If you keep kosher, and enjoy eating a handful of Tootsie Rolls or drinking a tall glass of Gatorade, you have Phyllis Koegel to thank. As marketing director of the Orthodox Union’s Kosher Division, Koegel is charged with convincing companies of the financial and commercial benefits of going kosher—and getting the OU symbol, the most widely recognized kosher-certification in the world, on their product.
“Koegel has been all over the world, from China and France to Germany and Italy, and most major cities throughout the United States, to make the case for OU kosher certification, which she’s helped secure for hundreds of products. The only female executive among the in-house OU staff of more than 55, she works out of a nondescript corner office on the 12th floor of the building at Greenwich Street and Broadway in Manhattan where OU Kosher is stationed. The kosher business is a pretty male-dominated field, and the males in it are mostly very observant rabbis. But if any of them have issues with Koegel—who is Modern Orthodox and favors stylish, brightly colored, but modest blouses and skirts in the workplace—working alongside them, no one shows it, she said. “When I was hired in 2006, I was, and remain, the first non-administrative staff member who’s not a rabbi,” she told me in a recent interview, “but I think it’s worked out well. Working in a religious environment means everyone is very respectful of one another, and furthermore, I feel I’ve earned my stripes. People view me as a true professional, so they treat me that way.”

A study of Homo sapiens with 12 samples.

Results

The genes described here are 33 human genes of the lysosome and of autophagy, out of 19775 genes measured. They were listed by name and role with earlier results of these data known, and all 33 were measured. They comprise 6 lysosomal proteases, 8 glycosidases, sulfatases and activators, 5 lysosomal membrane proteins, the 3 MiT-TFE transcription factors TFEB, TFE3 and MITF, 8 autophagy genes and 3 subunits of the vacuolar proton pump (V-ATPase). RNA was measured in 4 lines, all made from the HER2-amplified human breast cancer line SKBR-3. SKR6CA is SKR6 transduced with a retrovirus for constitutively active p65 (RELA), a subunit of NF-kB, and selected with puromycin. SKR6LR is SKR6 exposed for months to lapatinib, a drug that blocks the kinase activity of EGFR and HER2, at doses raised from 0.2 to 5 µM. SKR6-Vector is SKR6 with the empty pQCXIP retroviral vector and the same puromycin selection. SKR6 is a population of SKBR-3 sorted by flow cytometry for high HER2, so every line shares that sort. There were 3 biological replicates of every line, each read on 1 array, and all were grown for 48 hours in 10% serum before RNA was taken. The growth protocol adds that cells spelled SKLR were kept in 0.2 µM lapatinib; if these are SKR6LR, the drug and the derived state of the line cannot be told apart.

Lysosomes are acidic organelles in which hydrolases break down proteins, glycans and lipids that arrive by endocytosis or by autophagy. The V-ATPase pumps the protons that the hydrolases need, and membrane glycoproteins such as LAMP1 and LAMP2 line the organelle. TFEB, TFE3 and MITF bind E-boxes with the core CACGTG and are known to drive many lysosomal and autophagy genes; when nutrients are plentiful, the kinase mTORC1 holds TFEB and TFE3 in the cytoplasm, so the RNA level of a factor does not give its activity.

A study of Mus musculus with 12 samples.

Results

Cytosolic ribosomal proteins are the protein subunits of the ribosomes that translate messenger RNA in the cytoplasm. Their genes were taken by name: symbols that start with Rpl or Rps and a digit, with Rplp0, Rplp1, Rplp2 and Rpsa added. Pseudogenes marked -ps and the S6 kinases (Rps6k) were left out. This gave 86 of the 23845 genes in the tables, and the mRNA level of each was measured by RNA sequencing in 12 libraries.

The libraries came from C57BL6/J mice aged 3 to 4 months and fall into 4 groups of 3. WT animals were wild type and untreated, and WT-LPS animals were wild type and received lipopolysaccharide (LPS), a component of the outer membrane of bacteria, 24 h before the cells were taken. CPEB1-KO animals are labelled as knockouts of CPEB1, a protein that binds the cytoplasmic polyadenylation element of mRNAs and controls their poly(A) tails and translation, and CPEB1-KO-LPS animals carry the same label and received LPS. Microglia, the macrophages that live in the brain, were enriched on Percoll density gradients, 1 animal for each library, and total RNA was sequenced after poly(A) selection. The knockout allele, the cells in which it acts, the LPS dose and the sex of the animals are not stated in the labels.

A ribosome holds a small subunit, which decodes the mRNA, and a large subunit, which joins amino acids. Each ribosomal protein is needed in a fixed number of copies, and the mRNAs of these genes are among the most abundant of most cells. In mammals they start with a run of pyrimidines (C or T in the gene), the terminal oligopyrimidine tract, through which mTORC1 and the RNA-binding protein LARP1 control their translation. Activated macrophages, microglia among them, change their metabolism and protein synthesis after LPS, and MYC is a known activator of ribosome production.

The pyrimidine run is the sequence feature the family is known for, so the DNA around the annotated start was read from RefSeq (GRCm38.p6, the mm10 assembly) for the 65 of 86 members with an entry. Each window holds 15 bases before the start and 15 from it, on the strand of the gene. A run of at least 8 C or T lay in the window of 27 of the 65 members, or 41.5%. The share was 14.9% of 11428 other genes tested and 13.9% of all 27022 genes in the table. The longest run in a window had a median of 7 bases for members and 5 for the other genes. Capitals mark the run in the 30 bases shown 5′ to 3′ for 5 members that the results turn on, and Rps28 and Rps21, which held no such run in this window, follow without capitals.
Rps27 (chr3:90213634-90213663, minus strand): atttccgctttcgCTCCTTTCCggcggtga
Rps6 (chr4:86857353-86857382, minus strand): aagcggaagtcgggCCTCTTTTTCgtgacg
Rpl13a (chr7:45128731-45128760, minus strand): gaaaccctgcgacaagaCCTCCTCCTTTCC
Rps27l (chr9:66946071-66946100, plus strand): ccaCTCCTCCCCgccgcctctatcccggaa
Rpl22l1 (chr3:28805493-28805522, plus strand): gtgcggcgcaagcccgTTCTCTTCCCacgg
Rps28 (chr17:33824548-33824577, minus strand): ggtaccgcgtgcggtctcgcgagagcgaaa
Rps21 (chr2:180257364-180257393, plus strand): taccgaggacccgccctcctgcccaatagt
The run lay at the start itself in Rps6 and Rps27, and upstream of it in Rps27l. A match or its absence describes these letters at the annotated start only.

While I spoke with Koegel in her office, she was fielding calls from a variety of clients. Her virtual Rolodex has everyone from the highest-ranking executives at renowned brands like Coca-Cola and Hershey and others at equally large but lesser-known food-processing conglomerates like Archer Daniels Midland and Bunge, to representatives of one-man manufacturing companies and niche and private labels.”
Read the full article at Tablet Magazine.
The words of this author reflect his/her own opinions and do not necessarily represent the official position of the Orthodox Union.